New Zealand captain Chris Wood has urged Garry Monk’s managerial successor to use the groundwork he laid at Elland Road.
Wood’s club side, who narrowly missed out on making the Championship play-offs last season, are beginning a new era following Monk’s decision to vacate his post just days after Andrea Radrizzani completed his takeover.
Monk not only brought stability to the Yorkshire side following a slew of managers, but also guided them to their first top-half finish in six years and Wood wants Leeds’ next manager to use his predecessor’s work as a platform, rather than shaking things up.
“We’ve got the foundations, you have to build on it,” Wood told Press Association Sport.
“We can’t be tearing those down to start new ones. Hopefully the manager that does come in will build on them and bring his own style but keeping the style that we had last season.
“Of course we were hoping he (Monk) was going to stay on.
“It’s unfortunate that he had his reasons after speaking with the owner – it just didn’t come to the fore that he could continue.
“It’s football, it’s life, we’ve got to move on from it and look to the future and we wish him all the best.”
The 25-year-old, the 27-goal top scorer in last season’s Championship, is grateful to be close to home this week for New Zealand’s friendly with Northern Ireland in Belfast on Friday.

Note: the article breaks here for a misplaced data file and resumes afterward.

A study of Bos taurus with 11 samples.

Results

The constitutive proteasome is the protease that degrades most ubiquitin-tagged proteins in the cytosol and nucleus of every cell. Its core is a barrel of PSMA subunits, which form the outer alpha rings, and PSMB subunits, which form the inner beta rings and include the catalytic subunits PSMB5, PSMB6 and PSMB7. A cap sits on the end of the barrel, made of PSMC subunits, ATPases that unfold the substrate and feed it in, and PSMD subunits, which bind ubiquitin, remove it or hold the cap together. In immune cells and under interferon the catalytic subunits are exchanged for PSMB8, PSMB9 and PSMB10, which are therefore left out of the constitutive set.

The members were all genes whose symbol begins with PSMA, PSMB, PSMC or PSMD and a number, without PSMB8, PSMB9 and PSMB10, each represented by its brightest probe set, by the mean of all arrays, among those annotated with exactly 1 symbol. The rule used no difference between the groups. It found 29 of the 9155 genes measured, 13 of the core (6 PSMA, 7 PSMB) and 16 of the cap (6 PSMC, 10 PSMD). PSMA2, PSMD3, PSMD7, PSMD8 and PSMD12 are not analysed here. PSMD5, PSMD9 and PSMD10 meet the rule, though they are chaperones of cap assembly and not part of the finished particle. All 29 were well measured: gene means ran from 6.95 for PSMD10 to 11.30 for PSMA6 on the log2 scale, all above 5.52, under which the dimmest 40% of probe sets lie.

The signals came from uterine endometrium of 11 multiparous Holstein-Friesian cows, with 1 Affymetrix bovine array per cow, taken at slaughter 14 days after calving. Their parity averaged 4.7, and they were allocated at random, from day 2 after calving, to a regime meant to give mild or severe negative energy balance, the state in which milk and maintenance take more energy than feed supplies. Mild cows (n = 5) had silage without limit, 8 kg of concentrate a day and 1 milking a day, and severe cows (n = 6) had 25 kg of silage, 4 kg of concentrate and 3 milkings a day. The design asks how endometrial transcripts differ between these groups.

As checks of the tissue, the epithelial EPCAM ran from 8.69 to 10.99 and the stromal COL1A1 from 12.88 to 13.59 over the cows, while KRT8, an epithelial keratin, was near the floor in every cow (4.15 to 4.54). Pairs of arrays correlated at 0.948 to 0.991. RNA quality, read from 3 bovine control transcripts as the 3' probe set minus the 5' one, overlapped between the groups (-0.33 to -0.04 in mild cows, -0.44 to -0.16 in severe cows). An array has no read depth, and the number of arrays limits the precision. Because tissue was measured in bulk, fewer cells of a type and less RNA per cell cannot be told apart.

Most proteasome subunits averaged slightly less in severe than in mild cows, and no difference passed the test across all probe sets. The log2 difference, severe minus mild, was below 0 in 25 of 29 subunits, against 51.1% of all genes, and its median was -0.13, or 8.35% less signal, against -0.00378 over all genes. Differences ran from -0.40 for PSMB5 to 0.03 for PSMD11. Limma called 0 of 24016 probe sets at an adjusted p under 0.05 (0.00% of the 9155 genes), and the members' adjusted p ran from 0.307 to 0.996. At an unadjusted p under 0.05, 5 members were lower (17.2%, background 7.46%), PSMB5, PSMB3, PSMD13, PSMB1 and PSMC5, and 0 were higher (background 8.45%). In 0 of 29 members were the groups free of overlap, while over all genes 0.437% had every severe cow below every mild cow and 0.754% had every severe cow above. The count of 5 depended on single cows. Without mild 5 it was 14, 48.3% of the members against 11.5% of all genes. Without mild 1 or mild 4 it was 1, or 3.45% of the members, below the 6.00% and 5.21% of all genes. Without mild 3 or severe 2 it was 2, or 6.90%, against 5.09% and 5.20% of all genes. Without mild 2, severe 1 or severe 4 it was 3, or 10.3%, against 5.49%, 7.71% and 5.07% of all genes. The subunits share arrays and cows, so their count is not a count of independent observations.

Many of Anthony Hudson’s squad have made a 30-hour trip for a fixture that will serve as a warm-up for the Confederations Cup in Russia later this month.
Wood normally makes the reverse journey to represent his country having left home at just 16 to try and make it in England with West Brom.
“It was something I had to do if I wanted to be taken seriously as making a career out of football,” Wood explained.
“At the time it didn’t seem like such a big deal. My parents took on a lot of the burden, living apart for a while, moving away from their friends, their family, leaving my sister at home with my mum for a while.
“As I got older, 21, 22, I realised how big a step they had to make for my career. It was great to have that courage and that belief from my own family. It’s nice that I can hopefully repay them.
“It was all I wanted as a kid. I got to 14 and I wanted to play professionally for the rest of my life.
“I didn’t think it was ever possible. I always believed in myself but nobody ever rated me that highly until I got over here. It’s great to be able to make a career out of it and hopefully a long one to come.”